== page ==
Before I came to Computhink, I was working a freelance gig with a digital marketing agency. The marketing agency was using Google Drive for enterprise content management, or ECM. We’ve written before how solutions such as Drive, Dropbox, and Box aren’t really enterprise content management, but for right now, let’s pretend they’re trying to be. My eyes hadn’t been opened to what a real ECM could do yet, and I had been working with this agency for a few months.
The Drive system seemed pretty logical at first: there were different folders, with different levels of access, and clients could go into some of them and edit documents and resources, etc. It actually seemed to be working semi-decently as a kind of traditional ECM. This agency seemed to be counteracting what we had written about in article I linked to above.
The fallout from all this was an agency losing (yes, losing) a big health care client because of an over-reliance on Google Drive as an ECM solution. It was a major revenue hit.
Now look, we know that Google often does get things right, like their search engine platform, or their self-driving cars. But just like Apple doesn’t do everything well, or Ford doesn’t do everything well, so too is Google amazing for some things (such as e-mail management) and not as amazing for others (such as file management).
ECM is serious business, and as you see above, it’s explicitly revenue-linked business as well. In those cases, sometimes a specialized solution focused on all elements of ECM can be advantageous over a more traditional or ‘enterprise’ level solution. There are numerous reasons for this, but here are some of the most relevant:
Regulatory Compliance: Depending on what content you’re managing, there are going to be varying degrees of compliance by industry. If it’s HR or legal resources, those levels may be astronomically high. A specialized solution provider likely lives and breathes compliance issues, whereas a big tech ECM provider simply includes it as one element they monitor. We offer tailored workflow, file retention, and version revision features, for example. Those are specially designed because we understand the specific needs of people looking for a high-quality ECM.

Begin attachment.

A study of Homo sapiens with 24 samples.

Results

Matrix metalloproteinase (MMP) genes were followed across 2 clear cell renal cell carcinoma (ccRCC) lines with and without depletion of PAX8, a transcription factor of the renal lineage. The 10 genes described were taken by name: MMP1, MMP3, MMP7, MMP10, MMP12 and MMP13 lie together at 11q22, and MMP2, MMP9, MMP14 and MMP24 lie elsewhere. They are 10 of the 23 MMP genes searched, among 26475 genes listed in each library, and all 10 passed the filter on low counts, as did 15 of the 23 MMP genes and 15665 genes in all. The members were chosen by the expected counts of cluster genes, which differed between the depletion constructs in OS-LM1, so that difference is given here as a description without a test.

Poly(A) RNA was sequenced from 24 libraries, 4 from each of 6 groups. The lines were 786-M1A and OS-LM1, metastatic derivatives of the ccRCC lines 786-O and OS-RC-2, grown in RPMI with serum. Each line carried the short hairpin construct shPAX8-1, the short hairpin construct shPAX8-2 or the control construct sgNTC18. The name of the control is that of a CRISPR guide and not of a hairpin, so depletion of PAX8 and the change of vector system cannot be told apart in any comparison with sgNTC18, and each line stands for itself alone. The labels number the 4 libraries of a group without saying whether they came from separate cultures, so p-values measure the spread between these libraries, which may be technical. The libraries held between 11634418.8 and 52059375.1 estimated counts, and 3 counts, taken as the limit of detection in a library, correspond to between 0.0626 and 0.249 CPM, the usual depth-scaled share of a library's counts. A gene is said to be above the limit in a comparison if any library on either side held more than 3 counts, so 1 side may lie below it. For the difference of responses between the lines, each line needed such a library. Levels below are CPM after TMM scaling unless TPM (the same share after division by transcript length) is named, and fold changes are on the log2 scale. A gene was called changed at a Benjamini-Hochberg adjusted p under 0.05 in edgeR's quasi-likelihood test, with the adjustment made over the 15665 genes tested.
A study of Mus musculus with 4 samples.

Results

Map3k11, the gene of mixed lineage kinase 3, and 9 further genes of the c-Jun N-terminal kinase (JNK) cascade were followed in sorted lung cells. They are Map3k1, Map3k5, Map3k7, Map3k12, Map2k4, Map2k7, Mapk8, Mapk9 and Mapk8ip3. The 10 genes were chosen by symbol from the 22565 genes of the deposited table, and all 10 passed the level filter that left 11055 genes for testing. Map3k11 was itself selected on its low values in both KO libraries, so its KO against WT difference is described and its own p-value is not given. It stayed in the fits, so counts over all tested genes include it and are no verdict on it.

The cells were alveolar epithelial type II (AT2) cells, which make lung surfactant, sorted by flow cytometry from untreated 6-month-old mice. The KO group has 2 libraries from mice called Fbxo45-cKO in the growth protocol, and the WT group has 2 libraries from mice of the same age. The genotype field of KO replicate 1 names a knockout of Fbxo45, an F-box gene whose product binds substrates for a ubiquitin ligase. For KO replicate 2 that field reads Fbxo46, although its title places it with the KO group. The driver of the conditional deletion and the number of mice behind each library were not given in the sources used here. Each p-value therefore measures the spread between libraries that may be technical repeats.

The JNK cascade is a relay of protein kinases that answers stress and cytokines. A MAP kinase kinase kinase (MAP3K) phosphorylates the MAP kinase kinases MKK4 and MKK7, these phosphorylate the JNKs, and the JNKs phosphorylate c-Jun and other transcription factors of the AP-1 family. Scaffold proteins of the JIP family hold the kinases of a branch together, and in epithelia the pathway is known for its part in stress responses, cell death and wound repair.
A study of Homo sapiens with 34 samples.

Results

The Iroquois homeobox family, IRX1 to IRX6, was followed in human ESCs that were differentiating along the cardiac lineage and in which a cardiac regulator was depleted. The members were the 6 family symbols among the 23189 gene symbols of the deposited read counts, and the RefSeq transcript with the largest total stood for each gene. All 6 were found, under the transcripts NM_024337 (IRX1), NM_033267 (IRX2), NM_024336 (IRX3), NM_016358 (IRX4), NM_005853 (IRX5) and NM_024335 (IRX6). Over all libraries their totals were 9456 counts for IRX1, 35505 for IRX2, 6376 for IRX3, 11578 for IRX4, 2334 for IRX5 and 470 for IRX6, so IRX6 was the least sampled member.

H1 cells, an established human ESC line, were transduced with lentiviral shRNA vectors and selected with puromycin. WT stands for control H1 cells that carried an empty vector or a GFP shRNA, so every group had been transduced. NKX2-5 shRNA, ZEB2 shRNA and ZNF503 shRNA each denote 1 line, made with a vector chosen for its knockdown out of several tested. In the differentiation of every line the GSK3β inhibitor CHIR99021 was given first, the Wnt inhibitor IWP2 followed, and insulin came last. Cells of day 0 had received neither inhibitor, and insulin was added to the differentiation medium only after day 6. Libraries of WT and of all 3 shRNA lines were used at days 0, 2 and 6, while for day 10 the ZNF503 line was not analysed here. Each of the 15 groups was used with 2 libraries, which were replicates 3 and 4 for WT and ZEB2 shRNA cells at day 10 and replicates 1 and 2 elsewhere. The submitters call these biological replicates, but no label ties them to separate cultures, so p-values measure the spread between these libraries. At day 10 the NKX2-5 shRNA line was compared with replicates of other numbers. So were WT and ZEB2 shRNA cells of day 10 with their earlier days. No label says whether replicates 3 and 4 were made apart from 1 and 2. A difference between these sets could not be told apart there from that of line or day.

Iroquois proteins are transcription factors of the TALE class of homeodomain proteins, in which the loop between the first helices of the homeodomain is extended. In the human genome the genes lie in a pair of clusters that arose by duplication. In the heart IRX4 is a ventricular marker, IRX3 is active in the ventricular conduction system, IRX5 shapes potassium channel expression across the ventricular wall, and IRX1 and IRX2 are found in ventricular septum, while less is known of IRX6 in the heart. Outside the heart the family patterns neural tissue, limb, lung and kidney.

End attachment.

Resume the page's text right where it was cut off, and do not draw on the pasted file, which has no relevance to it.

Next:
The Business of Sensitivity: If you’re a company that takes your files very seriously — ideally most companies would fall into this boat — you should aspire to work with a company that is likewise going to take them seriously. Perhaps some of the big tech companies have grown into a protection-oriented environment, but a solution like Dropbox wasn’t designed or iterated with that in mind. In the case of specialized ECM solutions, that has always been the focus. With file retention and an architecture that allows for multiple backup and redundancy options, specialized ECMs simply handle your sensitive information and documents with more sophistication.
Workflow: Let’s go back to our marketing agency above. In that example, one IT lead painstakingly set up dozens of files and various permissions internally and with the client. What happened within the first week? Agency members and the client started breaking out new versions of files not saved in the folders, editing those, sharing those on other workflow platforms (i.e. Basecamp), and essentially creating mountains of confusion on both sides of the equation. Specialized ECM providers typically have workflows rooted in (a) analysis of multiple industries and (b) years of market testing. Big tech providers typically do not. This is because the majority of these big tech companies have been selling their solution (or giving it away) directly to single users for years. B2C principles do not translate well to a B2B market. With a traditional ECM provider, workflow is an inherent part of keeping documents safe, organized, and easy to retrieve.
Security: This might be the most important issue of all. Specialized ECMs have special security in place, like virtually impenetrable encryption, to protect files (from deletion, editing by third party, etc.). The security basis on the files comes from the user permissions, which are established by admins at the time of install and constantly monitored. Personal storage giants worry about security — in today’s digital world, everyone must — but because of competing demands and product feature needs, it can’t always be a true focus. And it can’t be customized as well. This is a huge advantage of specialized ECMs.
CIO.com just asked if ECMs are becoming obsolete and irrelevant. Not at all. What’s happening in the ECM space is the same thing you’re seeing happen in many facets of business right now: companies are opting for smaller, more specialized and customized solutions as opposed to bigger, more well-known brands. This is partially the result of digital disruption; business is moving faster than ever and competitors are cropping up where companies least expected them. You need to be able to move quickly and move according to the specs your organization needs, not the specs that an enterprise giant assigns to most of its customers. ECM isn’t dying at all. It’s living a renewed life of specialization and customization.